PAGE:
Homelessness. The opioid crisis. School safety. Healthcare access. We see the tragedies – lost lives, shattered families, communities in crisis – and decry the systems that created them, but remain so focused on finding a “magic-pill” fix that we fail to make any meaningful change.
Consider, for example, the concept of universal healthcare – or, more specifically, a single-payer healthcare system, currently one of the most popular proposals for achieving universal coverage. There are ample arguments for and against, but for the purposes of this article, imagine we woke up tomorrow to find a perfectly instituted single-payer system, working exactly as intended by proponents, with none of the shortcomings or problems commonly cited by critics.
What would it look like? For most basic and preventive healthcare, all citizens’ medical bills would be paid for out of a single government-run pool of money. Simplified billing would mean medical providers’ administrative time and expense would go down, allowing them to see more patients. The leverage of a single payer would reduce and standardize rates paid to providers, pharmaceutical companies and device manufacturers. In short, it would streamline the complicated existing structure of healthcare reimbursement, giving more people more direct access to basic care at a lower overall cost.
At a minimum, this would achieve something important that our current system does not: widespread access to care. But would it result in significantly greater community health? Better, more compassionate and holistic care of individuals? Happier, more balanced medical providers?
I do not believe that it would – at least not without other significant changes to the way we practice and pay for medical care in this country. Because while a single-payer system would provide healthcare coverage for more people, it would do nothing to improve the effectiveness of that coverage. We would still be operating within a hierarchical, activity-based reimbursement structure that is only effective if problems, providers and communities are uniform and predictable.
Humans just don’t work that way.
Our bodies, our brains and our social systems are complex, and outcomes in complex systems are a moving target – the result of interdependent and continuously changing and adapting network interactions. No single change will “fix” the system because no single element in the network affects all others equally or statically.
For our own well-being, we have to let go of the idea that complex, adaptive systems – politics, healthcare delivery, education – can be adequately managed by solutions designed for complicated but relationally static systems. Our culture simply does not function like a production line. A community is a dynamic environment in which every member is unique, and we will make no progress by continuing to simplify and reduce them into over-generalized “populations” to be managed by manufacturing management theories.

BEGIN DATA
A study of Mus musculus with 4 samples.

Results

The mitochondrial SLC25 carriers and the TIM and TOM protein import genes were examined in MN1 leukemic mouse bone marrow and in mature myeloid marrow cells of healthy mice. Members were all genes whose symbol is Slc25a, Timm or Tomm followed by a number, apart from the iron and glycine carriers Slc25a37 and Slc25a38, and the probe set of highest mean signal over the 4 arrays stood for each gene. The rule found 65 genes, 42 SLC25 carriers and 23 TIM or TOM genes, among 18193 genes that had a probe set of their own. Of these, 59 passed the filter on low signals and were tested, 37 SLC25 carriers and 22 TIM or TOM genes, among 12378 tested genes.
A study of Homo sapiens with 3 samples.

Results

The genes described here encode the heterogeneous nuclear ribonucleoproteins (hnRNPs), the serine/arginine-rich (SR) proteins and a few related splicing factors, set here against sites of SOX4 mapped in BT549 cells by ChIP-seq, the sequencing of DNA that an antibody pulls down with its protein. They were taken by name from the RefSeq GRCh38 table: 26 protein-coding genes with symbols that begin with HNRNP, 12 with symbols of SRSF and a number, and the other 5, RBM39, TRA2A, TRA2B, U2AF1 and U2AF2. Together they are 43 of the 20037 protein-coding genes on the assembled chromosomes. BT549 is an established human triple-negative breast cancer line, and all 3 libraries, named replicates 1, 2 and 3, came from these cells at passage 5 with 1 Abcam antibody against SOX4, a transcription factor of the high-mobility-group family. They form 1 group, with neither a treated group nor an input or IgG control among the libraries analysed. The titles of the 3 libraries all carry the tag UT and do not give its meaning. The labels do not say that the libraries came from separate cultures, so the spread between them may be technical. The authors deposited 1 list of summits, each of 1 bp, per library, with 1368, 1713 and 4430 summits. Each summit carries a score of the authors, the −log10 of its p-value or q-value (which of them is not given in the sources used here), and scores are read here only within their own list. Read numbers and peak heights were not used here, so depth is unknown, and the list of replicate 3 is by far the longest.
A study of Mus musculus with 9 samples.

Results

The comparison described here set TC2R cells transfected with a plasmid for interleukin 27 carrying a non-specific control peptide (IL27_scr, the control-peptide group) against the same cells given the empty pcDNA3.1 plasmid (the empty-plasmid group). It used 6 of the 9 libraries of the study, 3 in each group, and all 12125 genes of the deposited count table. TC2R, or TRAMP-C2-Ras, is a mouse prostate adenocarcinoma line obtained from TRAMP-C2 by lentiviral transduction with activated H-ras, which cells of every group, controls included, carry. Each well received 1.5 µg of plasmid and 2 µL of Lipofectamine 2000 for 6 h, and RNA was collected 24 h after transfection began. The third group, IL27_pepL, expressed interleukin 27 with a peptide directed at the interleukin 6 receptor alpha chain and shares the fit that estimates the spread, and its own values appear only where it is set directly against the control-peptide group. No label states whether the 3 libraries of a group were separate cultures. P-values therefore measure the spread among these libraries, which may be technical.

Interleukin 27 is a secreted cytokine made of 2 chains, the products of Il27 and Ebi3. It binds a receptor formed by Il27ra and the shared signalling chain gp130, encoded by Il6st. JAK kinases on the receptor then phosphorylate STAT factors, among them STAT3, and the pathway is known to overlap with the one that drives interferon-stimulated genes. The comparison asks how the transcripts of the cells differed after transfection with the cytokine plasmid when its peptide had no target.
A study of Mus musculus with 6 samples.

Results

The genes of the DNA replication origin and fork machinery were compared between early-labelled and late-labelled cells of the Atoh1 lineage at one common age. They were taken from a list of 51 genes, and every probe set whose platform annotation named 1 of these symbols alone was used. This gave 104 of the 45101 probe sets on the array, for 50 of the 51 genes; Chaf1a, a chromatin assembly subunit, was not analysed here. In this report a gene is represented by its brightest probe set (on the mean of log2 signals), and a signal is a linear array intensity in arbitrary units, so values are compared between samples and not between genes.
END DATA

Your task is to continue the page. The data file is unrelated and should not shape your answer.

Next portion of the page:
Rather than looking for a cure-all, it’s time we recognize the complex, interwoven nature of our social systems and accept that incremental change is the only solution, not a lesser solution. We must embrace and act on localized, networked approaches to continuous improvement rather than focusing solely on single-track proposals that make great headlines and political trail talking points, but fail to actually address our personal and community health.
Does that mean we should abandon the idea of single-payer? Not necessarily. But we should view it as just one part of a complex and ever-evolving network organized around the common purpose of improving community health.
Systems thinking shows us the path to a model that will allow us to deliver more and better choices for providers and patients. Using technology to help us map real-world community health networks, observe how those networks move and identify what does and does not deliver desired outcomes, we can restructure healthcare delivery as a series of self-organized networks capable of adapting in real-time to meet the true needs of each point of care.
This new approach is not a tidy, sitcom solution to the question of how we fix our healthcare system, but embracing the complexity of adaptive networking can empower each of us to make the changes we can, when we can – and watch as the impact ripples and grows.
Michael D. Rohwer M.D. is the Executive Director of Curandi. He can be reached at [email protected].